Pros: These speakers are more reasonably priced than similar sized Cambridge speakers.
Cons: Not the most powerful bass response.
I know one can spend $499 dollars and get a pair of 4" inch high end Bose speakers for the computer and they may sound a lot like 3 foot 12" inch stereo speaker cabinets, but that's for a very small cross section of the buying public.
If you want a non-gaming, simple set of 4 watt speakers, the less than $20 dollar pair of Cyber Acoustics speakers will do the job.
The pair I got from Office Depot stand a mere 7 1/2" inches high and come in black.
I put them behind my LCD display/monitor and I got them for the reason that they are small and can be placed anywhere out of the way.
The speakers have an AC adapter on the back, power button on the left speaker, as well as an 1/8" inch headphone jack and a volume knob which goes from 1-9 where the knob goes from 0-10.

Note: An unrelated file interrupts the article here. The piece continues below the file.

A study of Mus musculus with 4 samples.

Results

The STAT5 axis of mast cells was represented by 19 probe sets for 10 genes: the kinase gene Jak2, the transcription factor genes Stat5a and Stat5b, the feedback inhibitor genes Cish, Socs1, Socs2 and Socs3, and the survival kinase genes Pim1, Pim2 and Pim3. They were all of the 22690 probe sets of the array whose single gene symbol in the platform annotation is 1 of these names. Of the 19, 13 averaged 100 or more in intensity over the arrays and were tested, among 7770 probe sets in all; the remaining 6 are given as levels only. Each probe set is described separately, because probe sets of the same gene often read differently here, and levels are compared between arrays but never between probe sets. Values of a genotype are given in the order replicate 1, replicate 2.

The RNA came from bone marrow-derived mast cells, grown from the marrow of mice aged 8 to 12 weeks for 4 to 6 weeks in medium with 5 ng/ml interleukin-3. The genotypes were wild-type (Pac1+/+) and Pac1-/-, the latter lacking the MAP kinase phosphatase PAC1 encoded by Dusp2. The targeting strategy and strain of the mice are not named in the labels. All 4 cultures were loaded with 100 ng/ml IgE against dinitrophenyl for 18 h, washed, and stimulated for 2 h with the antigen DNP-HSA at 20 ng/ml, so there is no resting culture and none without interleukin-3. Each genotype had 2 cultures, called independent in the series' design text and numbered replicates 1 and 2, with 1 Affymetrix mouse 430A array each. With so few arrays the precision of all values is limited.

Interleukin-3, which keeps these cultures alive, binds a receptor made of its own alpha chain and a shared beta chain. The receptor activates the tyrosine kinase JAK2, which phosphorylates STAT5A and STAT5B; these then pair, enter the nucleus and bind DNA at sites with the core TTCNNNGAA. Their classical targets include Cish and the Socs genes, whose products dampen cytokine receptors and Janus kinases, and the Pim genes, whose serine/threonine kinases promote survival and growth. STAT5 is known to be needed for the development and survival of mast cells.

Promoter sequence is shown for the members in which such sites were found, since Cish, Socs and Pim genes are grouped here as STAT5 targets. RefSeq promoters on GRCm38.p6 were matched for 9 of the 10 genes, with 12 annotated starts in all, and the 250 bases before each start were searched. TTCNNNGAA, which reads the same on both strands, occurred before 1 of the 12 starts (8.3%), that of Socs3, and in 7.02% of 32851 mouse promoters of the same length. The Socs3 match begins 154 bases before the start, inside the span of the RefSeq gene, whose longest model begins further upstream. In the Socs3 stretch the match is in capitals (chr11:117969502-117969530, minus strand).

The speakers are also pretty narrow at 3" inches across and are covered with a nylon mesh screen. When the power is on, a very bright blue light shows on the left speaker.
Little Bass Response:
These speakers don't get much of a bass response so they are not suitable for shooter games where the sound of guns and explosions abound. They would be too tinny for those types of applications.
For a music recording application such as Garage Band, from Apple Inc., the playback on these speakers is somewhat lacking.
The speakers work well for YouTube videos, spoken messages, and gaming at low volumes. Since the pair only have mostly treble and mid-range response, and no sub-woofer, they are unlikely to take the user away into an audio experience.
For a full spectrum experience, I would recommend their setups which include the rather substantial sub-woofers which are best utilized in computer gaming.
Sub-woofers do little to enhance the normal human voice unless one wants to watch YouTube videos at a higher volume and get some recreation of a live performance.